Jacob Kida of NJ Axemen singles against the Diamond Jacks Super 11U.
By Joe Hofmann
Ian Peros has watched Nate McGann hit a lot of home runs.
None were like this one.
The Diamond Jacks Super 11U catcher smoked a pitch over the right center field wall in the fourth inning to help his team capture a 12-4 Mercy Rule victory over the N.J. Axemen in the Diamond Nation 11U World Series in five innings.
So, what was any different about this blast? Well, all the rest of them came off power pitching.
This one didn’t.
The power was entirely generated by McGann, who stayed back, waited for the ball, swung, and crushed it. The righty hitting catcher sent it over the fence in right center. He didn’t pull the ball, like most home runs. And he didn’t rely on the pitcher’s velocity to generate the power.
It was all McGann.
“He’s hit a lot of homers,” Peros said, “but they were all off faster pitching. That was impressive.”
“It felt good,” McGann said. “The pitch didn’t have pop to it. I thought it was gonna be off the wall.”
But it kept going and going until it sailed over the fence. McGann circled the bases, crossed home plate, picked up his bat, and was greeted by a mob of teammates.
“He had a good approach,” winning coach Matt Markiewicz added. “It is a testament to how hard he has worked. I am so happy with his effort.”
Peros, meanwhile, settled down after a rough beginning and pitched five innings, allowing five hits, fanning seven and walking four. He overcame a rough first inning, when he allowed two runs on two hits with two walks.
But over his last four innings, he allowed just three hits (two infield hits) with two walks and six Ks.
So, what did he figure out after the so-so first inning?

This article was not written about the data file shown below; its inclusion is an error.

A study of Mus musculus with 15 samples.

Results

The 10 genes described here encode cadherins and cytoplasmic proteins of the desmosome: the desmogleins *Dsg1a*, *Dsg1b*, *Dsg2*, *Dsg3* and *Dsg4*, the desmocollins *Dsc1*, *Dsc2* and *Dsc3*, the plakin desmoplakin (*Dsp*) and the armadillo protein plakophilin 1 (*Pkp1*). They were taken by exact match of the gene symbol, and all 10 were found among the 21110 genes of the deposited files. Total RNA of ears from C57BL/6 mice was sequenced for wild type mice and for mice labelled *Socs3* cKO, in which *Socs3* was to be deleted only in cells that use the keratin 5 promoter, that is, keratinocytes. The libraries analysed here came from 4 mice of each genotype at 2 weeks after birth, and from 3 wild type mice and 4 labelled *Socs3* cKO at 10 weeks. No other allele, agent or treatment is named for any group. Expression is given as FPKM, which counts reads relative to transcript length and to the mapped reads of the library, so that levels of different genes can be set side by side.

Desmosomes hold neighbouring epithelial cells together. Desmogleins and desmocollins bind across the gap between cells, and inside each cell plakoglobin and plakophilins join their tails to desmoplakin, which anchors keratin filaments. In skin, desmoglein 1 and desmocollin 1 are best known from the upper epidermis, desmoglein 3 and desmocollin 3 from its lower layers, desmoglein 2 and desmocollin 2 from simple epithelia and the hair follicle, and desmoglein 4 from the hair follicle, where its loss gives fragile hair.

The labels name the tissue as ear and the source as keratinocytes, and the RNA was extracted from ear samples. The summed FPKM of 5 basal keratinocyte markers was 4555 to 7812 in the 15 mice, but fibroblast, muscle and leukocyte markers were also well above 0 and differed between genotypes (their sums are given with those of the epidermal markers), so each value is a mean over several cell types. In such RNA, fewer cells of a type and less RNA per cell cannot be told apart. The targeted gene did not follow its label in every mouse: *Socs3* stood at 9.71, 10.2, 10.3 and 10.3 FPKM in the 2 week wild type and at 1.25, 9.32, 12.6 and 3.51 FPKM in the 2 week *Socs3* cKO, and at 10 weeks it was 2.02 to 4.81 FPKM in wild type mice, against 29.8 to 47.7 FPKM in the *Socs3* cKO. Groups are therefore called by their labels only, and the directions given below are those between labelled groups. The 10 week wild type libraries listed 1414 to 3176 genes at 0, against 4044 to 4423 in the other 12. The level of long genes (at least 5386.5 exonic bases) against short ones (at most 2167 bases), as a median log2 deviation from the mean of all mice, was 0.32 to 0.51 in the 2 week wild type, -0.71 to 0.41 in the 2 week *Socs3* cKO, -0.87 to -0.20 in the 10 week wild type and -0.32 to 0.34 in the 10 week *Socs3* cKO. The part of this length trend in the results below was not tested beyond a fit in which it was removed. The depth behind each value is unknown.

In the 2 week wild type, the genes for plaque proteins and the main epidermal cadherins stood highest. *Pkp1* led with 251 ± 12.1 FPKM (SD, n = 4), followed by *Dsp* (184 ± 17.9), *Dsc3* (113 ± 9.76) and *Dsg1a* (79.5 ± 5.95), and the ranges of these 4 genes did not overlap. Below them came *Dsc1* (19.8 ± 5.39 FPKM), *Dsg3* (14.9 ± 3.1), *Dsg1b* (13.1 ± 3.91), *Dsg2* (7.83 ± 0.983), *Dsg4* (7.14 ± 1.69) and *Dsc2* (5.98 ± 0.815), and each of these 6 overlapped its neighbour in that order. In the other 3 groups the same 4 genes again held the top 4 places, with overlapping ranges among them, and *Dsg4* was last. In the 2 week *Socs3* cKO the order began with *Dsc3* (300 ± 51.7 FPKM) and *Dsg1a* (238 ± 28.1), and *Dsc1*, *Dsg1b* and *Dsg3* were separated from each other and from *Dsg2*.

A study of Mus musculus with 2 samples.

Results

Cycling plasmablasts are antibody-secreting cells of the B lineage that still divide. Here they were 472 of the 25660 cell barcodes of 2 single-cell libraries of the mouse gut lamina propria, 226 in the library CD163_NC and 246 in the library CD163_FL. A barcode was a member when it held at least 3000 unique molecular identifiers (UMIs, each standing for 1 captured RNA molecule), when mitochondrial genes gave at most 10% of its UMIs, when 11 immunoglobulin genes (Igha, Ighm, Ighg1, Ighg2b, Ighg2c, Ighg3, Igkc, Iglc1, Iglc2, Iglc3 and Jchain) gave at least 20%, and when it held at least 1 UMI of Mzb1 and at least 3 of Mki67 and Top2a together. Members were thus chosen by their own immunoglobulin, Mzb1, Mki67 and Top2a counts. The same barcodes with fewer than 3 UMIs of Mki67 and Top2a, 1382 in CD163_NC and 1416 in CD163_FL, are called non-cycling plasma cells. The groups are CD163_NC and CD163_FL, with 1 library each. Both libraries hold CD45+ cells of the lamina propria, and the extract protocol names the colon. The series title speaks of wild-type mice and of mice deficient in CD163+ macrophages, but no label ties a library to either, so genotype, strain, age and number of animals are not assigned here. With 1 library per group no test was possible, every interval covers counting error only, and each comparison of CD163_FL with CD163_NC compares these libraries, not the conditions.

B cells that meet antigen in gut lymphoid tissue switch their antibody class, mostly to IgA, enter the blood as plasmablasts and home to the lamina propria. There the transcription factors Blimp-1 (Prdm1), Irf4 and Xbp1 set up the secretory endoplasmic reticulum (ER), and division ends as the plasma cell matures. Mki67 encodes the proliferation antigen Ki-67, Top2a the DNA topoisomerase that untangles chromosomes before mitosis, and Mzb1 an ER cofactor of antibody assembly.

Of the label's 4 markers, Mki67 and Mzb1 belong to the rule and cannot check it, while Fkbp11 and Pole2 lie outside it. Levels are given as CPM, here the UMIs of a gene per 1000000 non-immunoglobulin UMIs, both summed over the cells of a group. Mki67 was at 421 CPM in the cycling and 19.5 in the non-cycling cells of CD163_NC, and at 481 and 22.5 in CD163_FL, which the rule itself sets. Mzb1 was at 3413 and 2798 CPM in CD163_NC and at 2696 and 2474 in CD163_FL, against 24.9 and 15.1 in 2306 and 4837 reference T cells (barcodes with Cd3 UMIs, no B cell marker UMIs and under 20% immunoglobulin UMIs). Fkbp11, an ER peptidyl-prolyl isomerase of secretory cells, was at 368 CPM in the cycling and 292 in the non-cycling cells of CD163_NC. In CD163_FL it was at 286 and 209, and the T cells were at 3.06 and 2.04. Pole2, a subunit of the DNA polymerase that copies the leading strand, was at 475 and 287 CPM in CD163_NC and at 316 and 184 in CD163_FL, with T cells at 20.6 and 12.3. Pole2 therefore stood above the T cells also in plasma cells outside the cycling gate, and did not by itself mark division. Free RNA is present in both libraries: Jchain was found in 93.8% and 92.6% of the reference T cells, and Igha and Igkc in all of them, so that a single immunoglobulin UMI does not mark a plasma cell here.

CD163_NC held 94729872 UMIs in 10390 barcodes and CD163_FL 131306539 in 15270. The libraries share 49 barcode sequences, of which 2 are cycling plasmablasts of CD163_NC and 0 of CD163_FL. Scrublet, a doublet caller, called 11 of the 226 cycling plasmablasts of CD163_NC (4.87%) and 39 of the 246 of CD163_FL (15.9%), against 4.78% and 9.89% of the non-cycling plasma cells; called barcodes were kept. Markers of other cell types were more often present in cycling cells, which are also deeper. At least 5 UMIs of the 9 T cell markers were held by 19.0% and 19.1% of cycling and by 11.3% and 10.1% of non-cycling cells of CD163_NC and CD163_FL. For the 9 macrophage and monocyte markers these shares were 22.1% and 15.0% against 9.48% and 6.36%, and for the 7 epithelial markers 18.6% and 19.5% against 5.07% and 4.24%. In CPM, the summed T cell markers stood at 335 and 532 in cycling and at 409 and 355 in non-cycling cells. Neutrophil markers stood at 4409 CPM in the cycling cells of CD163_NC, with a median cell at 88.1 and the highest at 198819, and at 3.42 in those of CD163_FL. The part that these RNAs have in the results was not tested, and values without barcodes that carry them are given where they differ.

“The biggest thing was that he threw strikes,” Markiewicz said. “He has a live arm, electric. He was more in the zone. He competed in the zone. When he was in the zone, he was very effective.
“In the first two innings, he threw 40 pitches. In the last three, he threw 30 pitches. Big difference.”
“I think I just threw a lot of balls,” Peros said. “My mechanics were all messed up. Later on, I was just having a catch.”
NJ Axemen pitcher Lucas Mustoc warms up in pen for game against the DJacks Super 11U.
“Ian pitched phenomenal,” McGann said. “We were on the same page the whole game. I’d call for a fastball and he threw it. Same thing with the curve. Whatever he threw, they couldn’t hit it.”
The Diamond Jacks hitting put everything together in the bottom of the first inning with six runs on four hits to take the lead for good.
Peros (two doubles) doubled to left to start the inning and McGann stroked an RBI double to right. Tim Donahue walked and Logan Koziupa was hit by a pitch to load the bases before Alan Pena walked to force in a run, chasing the starting pitcher.
Ryan Nigro greeted the reliever with an infield hit before Nino Sivio’s sacrifice fly to center. Joe LoPresti was hit by a pitch and Jack Suarez reached on an infield hit but the bases were left stranded.
In the third, Pena and Nigro walked and advanced on a balk before SIvio’s two-run single.
In the fifth, Nigro and Sivio walked and pulled off a double steal before LoPresti delivered a two-run single, ending the game.
The Axemen had the bats going in the top of the first when Jacob Kida singled and scored on Robby Rutigliano’s base hit. Rutigliano scored on James McLaughlin’s grounder.
In the third, Rutigliano singled and later scored on a balk and Luke Kinsella walked and later scored.
But Peros kept their hitting under control after the rocky first inning, which helped lead to the victory.
Markiewicz’s team has picked it up lately. They reached the finals of the Ripken tournament in Maryland last week and finished 5-1 after reaching the championship game.